FACTs: A Mnemonic for Their First Orthokeratology Lenses

March 10, 2019

March 10, 2022
By Dr. Cindy Shan, Cornea and Contact Lens Resident (Northeastern State University in Oklahoma)

Orthokeratology is a technology that has increased in popularity over the past decade due to the various applications for use. As optometrists, there is a long list of instructions to provide the patient after dispensing their first set of lenses. Luckily there is a quick mnemonic to make sure you have hit all the boxes.


It is important to educate the patient on how these lenses will need to be managed in the future. For patients using this lens for myopia management, this may mean appointments every three to six months. Adults may only require a check every six to twelve months. Providing patients with this information at the beginning of their orthokeratology journey will help reinforce the importance of their follow-ups and prevent negative effects from lens use.

Application and Removal

This can often be the longest part of the appointment but is an excellent opportunity to work with the patient to ensure their success. Provide patients with the tools they need such as plungers, lens cases, and solutions. Educating them on how to use each of the tools and how to clean them can increase your patient’s confidence once they leave the office. Making sure that they can remove and apply the lenses themselves while in the office can also help to identify any bad habits or issues early.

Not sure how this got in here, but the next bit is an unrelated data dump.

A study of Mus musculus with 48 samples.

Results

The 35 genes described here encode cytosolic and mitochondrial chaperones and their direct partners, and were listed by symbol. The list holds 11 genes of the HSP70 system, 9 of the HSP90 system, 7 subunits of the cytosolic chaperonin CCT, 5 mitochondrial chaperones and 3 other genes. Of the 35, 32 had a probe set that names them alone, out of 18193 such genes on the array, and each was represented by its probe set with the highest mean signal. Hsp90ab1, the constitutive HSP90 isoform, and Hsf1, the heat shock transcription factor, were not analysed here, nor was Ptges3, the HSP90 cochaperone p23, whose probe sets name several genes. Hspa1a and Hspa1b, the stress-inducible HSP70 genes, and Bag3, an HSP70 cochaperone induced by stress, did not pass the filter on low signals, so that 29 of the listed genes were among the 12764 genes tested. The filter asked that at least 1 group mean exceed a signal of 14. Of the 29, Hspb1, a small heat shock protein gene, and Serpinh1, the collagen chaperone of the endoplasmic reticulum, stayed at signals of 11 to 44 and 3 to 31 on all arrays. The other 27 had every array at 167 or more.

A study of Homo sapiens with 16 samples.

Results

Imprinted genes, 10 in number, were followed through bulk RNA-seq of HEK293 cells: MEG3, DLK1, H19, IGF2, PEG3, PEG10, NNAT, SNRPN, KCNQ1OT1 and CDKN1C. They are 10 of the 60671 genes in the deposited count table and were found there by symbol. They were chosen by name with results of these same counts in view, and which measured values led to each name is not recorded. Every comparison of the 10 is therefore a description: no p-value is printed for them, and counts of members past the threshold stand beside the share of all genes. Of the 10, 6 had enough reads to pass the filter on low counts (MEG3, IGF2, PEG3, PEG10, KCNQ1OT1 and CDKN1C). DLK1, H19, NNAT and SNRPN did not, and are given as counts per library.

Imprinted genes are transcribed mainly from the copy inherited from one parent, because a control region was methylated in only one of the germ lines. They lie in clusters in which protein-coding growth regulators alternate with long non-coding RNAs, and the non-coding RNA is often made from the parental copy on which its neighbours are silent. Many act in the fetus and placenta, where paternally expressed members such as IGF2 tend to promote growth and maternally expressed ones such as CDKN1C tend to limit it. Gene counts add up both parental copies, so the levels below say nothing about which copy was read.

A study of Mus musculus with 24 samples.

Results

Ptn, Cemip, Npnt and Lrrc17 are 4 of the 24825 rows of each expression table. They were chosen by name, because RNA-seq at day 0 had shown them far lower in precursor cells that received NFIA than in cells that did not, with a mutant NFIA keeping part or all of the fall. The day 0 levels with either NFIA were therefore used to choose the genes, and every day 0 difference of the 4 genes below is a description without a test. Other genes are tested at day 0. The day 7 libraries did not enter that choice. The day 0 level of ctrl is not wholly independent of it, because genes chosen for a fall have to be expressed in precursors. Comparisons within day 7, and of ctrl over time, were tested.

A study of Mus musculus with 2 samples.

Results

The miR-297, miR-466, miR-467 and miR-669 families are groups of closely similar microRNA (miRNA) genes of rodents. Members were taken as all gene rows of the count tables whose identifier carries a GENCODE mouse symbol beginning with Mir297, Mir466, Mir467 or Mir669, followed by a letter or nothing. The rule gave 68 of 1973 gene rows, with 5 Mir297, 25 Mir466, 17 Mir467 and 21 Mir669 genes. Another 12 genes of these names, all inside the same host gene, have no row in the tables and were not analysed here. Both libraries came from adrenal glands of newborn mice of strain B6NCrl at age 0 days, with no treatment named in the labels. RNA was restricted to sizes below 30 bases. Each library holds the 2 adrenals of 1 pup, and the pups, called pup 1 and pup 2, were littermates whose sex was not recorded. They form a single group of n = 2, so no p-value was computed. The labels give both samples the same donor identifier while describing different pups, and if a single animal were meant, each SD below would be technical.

One of the most important reminders is to educate the patient on rubbing the lenses prior to soaking in a cleaning solution. This will help loosen up protein deposits and lengthen the lifespan of the lenses.


Instructing the patient on what to do if the lenses dislodge is an important part of the dispensing appointment. In the first few days of use, it is common to have issues with the lens application and removal process. The inability to remove the lens can be a scary moment but remind the patient that a drop of artificial tears prior to removal can prevent suction.

If the lens has moved and decentered to other regions of the bulbar conjunctiva, this can be best resolved by removal of the lens and reapplying. Another technique involves shifting the lens towards the pupil and moving the eyes towards the location of the lens.

There you have it! A quick and easy way for you to make sure you hit all the necessary points before a patient leaves your office with their first pair of orthokeratology lenses.